A new 3D imaging technique, which requires no dyes, can give high-resolution, 3D, quantitative imagery of cells and their internal structures — all with the use of conventional microscopes and white light.
Called white-light diffraction tomography (WDT), the imaging technique opens a window into the life of a cell without disturbing it and could allow cellular biologists unprecedented insight into cellular processes, drug effects and stem cell differentiation.
The team of University of Illinois researchers, led by electrical and computer engineering and bioengineering professor Gabriel Popescu, published their results in the journal Nature Photonics.
‘One main focus of imaging cells is trying to understand how they function, or how they respond to treatments, for example, during cancer therapies,’ said Popescu. ‘If you need to add dyes or contrast agents to study them, this preparation affects the cells’ function itself. It interferes with your study. With our technique, we can see processes as they happen and we don’t obstruct their normal behaviour.’
As it uses white light, WDT can observe cells in their natural state without exposing them to chemicals, UV radiation, or mechanical forces — the three main methods used in other microscopy techniques. White light also contains a broad spectrum of wavelengths, thus bypassing the interference issues inherent in laser light (e.g. speckles).
The 3D images are a composite of many cross-sectional images, much like an MRI or CT image. The microscope shifts its focus through the depth of the cell, capturing images of various focus planes. Then the computer uses the theoretical model and compiles the images into a coherent 3D rendering.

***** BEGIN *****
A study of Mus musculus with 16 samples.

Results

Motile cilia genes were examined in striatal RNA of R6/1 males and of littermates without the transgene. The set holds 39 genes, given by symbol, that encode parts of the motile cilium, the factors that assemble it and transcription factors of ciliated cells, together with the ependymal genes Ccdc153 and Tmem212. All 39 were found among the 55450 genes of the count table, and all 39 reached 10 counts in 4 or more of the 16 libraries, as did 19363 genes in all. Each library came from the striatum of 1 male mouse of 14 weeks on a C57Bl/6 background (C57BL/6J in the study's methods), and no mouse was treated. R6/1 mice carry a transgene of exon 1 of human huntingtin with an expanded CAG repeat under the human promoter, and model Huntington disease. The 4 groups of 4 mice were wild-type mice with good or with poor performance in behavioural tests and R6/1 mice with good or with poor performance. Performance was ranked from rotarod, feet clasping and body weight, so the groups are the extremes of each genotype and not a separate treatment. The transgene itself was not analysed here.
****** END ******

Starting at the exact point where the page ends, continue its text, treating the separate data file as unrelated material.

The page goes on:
The greatest potential of WDT, according to the researchers, is the ability to study cells in three dimensions over time. Since the cells are not altered, they can be imaged repeatedly, allowing researchers a glimpse into the dynamics of a cell as it goes about its life, or as it is treated with a new drug.
‘As a cell grows we can see the change in all three dimensions,’ said Taewoo Kim, a graduate student and first author. ‘We can see the dynamics of the cell in 3D, which hasn’t been done in a quantitative manner. For example, we could see, in the span of a minute or over a cell’s lifetime, how it grows and how the things in the cell move around.’
WDT uses a component that adds onto a conventional phase contrast microscope, a common piece of equipment in biology labs, without altering the microscope itself. The researchers used conventional microscopes with the intention of making these new optics principles easily accessible for biologists. The researchers hope that this will allow rapid large-scale adoption of WDT, and Popescu founded a startup company, Phi Optics, to help achieve that goal.